Jesus Arzola-Vega credits his mother’s intelligence and resilience with motivating him to earn a college degree and become a business policy fellow at the U.S. Hispanic Chamber of Commerce. His mother had arrived in Detroit from Mexico as an undocumented immigrant and, to provide for her three young children, slogged through an auto industry job for nearly a decade. She had permission to legally work in the United States because her eldest son was born in the country. When changes in the auto industry led to her lay-off, she started her own business as a travel agent. Despite having no access to capital, she built the business into a 10-person company.
Her remarkable resilience proved itself again when, after Internet sites like Orbitz and Expedia ate into her customer base, she reinvented herself again and became a paralegal. She married an American citizen and started the citizenship process for herself and her two undocumented children. When Arzola-Vega was 12 years old, the family moved into a middle-class suburb in Detroit.
If I had been undocumented, there would have been no way I would have been able to afford college.
Arzola-Vega supports immigration reform so that newcomers won’t have to struggle as much as his mother did. She could have accomplished much more had she been given the same economic opportunities that other Americans have, he says. “If someone is looking to start a business and they have no criminal record, they should be given legal residency so they’re not deported, and given access to capital and financing that they need to start businesses,” he says. “They’re just trying to make this country greater and help out their family.”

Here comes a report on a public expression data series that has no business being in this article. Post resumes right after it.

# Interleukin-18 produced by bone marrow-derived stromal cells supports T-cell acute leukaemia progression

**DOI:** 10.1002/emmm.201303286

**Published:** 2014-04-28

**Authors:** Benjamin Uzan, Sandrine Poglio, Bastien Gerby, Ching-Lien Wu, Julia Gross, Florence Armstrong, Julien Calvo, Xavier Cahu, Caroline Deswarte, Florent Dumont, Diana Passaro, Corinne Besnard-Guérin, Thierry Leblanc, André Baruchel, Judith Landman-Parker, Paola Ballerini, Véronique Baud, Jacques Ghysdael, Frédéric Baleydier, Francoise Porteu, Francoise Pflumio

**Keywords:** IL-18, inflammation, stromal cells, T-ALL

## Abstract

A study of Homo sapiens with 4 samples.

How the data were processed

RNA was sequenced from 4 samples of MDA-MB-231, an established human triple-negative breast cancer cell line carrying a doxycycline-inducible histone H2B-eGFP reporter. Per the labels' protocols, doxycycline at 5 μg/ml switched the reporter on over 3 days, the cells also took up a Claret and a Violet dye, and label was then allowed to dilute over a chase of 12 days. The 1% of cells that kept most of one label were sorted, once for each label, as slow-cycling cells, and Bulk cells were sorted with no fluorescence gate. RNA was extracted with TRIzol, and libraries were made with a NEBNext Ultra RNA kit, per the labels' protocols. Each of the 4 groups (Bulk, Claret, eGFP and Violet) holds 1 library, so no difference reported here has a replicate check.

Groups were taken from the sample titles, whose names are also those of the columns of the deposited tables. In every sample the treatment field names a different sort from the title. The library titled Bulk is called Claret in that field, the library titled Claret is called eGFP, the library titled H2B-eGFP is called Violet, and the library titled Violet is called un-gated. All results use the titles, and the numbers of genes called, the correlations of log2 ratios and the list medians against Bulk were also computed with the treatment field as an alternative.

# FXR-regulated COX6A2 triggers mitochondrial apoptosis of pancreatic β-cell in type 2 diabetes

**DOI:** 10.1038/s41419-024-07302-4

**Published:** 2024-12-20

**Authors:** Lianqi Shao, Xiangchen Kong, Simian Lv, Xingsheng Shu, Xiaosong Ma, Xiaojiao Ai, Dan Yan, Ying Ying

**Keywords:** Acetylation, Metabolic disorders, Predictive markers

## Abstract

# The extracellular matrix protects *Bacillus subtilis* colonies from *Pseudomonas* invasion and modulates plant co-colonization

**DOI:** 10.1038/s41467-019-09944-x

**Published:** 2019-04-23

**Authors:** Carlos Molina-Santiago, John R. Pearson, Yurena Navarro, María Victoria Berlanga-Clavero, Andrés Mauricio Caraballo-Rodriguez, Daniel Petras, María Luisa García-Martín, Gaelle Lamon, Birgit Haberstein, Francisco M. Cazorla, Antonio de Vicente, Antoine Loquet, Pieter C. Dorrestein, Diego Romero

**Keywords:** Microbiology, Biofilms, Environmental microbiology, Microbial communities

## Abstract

Arzola-Vega believes his own ability to secure citizenship is the main reason he was able to succeed in his education — he received a bachelor’s in economics and international affairs from Michigan State University — and his career. “If I had been undocumented, there would have been no way I would have been able to afford college,” says Arzola-Vega who is in his early 20s.
Arzola-Vega has come a long way since his birth in a rural Mexican hospital, where he was born three weeks prematurely and almost died. “I suffered from minor breathing issues that any hospital in the U.S. would have been able to treat,” he says. He feels a great responsibility to build on what his mother created. “I want to do everything I can with what I have. My mom had so many barriers and was still able to achieve greatness. I don’t have a glass ceiling or three kids or no money — I should be able to run the planet.”